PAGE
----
To be more precise, the 720S now rides on a set of lowering springs, which bring the go-fast animal even closer to the asphalt. The Macca's road connection has been further transformed using custom wheels.
The Novitec MC1 rims we have here comes with what can be described as a tastefully restrained design, at least for the aftermarket world. In fact, the rollers remind us of the styling cues packed by Lamborghini OEM wheels, albeit while bringing enough original touches to deserve our attention.
The wheels fitted to the mid-engined delight come with a five-double-spoke approach, packing slim spokes that allow one to take a good look at the generously-sized stopping hardware fitted to the McLaren.
Since the 720S has only been taken out of the oven earlier this year, the tuning efforts destined for the supercar are still shy, with other examples we've discussed in the past involving wraps.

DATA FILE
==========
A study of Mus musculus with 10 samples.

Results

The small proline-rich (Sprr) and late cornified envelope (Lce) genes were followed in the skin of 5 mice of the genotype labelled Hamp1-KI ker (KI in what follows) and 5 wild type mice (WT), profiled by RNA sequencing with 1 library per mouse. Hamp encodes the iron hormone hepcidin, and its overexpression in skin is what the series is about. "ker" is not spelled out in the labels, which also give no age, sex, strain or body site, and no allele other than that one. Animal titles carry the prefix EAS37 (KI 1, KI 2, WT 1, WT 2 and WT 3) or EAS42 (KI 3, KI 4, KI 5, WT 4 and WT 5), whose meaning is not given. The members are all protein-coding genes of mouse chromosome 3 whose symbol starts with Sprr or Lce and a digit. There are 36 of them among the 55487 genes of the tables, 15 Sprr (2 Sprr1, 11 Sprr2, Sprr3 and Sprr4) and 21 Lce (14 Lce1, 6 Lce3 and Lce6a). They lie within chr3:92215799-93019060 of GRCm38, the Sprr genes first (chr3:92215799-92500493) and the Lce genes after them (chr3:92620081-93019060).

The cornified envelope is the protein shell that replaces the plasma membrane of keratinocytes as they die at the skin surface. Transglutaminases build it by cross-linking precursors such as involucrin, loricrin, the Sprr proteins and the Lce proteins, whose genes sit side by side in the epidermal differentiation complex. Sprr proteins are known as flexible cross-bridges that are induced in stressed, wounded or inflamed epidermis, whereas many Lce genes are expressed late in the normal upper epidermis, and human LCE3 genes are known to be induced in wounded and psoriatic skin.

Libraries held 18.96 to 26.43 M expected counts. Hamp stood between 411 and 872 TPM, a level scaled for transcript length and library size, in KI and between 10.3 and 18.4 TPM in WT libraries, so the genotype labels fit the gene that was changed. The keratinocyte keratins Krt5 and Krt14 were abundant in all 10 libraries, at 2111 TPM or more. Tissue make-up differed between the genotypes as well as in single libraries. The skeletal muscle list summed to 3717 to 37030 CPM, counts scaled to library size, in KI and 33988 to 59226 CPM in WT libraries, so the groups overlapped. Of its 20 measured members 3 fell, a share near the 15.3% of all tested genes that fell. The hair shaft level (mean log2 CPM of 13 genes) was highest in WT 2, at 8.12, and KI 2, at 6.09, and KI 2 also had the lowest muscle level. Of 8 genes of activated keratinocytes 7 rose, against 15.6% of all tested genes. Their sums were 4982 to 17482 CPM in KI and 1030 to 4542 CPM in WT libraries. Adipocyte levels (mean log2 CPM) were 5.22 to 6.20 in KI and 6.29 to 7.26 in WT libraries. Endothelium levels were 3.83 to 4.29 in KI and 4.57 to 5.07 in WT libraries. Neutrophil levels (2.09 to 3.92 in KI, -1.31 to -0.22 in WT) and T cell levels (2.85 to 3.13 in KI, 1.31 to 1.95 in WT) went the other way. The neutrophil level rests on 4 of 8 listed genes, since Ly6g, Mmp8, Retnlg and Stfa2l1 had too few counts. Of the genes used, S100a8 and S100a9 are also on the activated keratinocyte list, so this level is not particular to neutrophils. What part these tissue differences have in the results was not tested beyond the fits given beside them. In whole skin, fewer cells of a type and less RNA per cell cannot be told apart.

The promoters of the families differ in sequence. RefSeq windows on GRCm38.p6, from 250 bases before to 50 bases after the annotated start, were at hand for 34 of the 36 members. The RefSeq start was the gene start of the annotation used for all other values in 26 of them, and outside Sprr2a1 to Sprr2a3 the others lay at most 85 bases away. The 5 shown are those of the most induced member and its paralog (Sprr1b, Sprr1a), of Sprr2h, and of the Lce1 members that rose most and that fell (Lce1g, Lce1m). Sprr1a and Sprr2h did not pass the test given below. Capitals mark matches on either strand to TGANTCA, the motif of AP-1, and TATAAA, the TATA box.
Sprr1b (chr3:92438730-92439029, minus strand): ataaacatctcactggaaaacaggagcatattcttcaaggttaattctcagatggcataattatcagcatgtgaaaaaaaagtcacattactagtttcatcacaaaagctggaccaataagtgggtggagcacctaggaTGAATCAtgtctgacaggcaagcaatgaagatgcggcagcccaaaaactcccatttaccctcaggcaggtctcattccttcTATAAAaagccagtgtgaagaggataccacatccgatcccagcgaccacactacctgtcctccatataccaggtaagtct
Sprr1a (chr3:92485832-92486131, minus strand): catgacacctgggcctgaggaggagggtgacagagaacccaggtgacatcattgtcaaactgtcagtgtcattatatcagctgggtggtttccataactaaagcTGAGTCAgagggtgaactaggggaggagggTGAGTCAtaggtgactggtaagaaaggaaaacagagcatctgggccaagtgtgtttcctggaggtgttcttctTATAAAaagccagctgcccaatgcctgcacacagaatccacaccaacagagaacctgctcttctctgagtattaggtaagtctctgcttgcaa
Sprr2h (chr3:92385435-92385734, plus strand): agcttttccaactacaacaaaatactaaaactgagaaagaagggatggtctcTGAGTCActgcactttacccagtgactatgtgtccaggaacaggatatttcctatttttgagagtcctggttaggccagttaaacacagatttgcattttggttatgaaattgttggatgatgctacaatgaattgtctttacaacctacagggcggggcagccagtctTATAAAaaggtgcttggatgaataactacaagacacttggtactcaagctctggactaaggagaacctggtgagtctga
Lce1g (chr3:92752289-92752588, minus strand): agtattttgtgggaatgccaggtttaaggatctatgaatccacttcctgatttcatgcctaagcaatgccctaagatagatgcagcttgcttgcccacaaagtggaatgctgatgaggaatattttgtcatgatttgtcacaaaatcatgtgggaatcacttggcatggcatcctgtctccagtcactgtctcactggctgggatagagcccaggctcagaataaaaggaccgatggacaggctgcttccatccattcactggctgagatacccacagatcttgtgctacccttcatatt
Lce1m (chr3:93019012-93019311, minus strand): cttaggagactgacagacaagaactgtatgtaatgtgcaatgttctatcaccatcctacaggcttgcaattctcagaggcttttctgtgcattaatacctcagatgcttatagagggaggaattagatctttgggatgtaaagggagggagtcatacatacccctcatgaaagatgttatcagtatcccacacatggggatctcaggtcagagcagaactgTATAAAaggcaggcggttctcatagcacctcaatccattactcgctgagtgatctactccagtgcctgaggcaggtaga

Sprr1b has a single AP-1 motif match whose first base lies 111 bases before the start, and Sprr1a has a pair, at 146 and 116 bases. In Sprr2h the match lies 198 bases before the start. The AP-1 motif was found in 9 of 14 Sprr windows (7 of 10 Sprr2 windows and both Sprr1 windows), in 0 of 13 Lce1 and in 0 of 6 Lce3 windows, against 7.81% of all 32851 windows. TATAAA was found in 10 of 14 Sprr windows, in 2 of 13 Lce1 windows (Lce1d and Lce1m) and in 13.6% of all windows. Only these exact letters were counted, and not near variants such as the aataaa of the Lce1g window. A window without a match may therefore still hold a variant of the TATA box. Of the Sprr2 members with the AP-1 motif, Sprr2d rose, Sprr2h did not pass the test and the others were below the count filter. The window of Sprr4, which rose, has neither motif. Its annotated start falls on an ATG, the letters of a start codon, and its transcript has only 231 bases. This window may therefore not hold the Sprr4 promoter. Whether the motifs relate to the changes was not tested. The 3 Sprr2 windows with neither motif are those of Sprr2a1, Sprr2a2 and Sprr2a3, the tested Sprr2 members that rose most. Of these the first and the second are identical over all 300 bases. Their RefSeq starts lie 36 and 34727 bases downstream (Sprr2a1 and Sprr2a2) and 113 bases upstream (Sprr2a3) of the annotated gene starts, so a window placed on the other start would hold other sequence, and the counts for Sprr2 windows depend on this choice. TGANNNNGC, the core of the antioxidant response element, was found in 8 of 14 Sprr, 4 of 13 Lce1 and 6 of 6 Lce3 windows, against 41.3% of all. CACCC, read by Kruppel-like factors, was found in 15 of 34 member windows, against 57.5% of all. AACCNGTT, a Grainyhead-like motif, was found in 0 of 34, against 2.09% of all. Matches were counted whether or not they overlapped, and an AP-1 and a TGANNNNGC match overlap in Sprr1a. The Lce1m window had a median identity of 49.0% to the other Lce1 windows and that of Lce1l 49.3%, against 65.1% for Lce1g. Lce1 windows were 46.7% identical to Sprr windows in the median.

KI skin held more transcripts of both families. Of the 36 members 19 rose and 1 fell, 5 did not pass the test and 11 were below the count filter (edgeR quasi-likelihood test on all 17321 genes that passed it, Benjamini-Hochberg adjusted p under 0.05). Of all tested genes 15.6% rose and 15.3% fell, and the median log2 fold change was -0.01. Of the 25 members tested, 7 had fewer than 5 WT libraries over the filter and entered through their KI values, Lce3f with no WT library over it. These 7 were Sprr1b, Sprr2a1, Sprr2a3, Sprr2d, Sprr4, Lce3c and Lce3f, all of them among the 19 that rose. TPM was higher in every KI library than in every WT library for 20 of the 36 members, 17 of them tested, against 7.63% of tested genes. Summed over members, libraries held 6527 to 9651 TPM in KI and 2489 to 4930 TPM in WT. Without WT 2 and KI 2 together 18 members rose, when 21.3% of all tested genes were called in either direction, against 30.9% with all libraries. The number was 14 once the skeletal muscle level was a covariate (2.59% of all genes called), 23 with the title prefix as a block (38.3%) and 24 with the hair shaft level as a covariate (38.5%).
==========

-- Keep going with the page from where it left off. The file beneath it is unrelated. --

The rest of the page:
Nevertheless, since the velocity monster packs a new 4.0-liter version of the automotive producer's twin-turbo V8 (the Ricardo-supplied mill used to come in a 3.8-liter form), we're expecting tuners to bring the output to new heights soon.
Meanwhile, the McLaren 720S is doing pretty well on its own, since its motor delivers more than the 720 hp its nameplate would suggest. In fact, as dyno runs have shown, the powerplant actually sits closer to 770 hp.
Factor in the scale-friendly nature of the car, as well as its innovative aerodynamic profile and you end up with a devilish performer, one that, for instance, hasn't lost a drag race so far.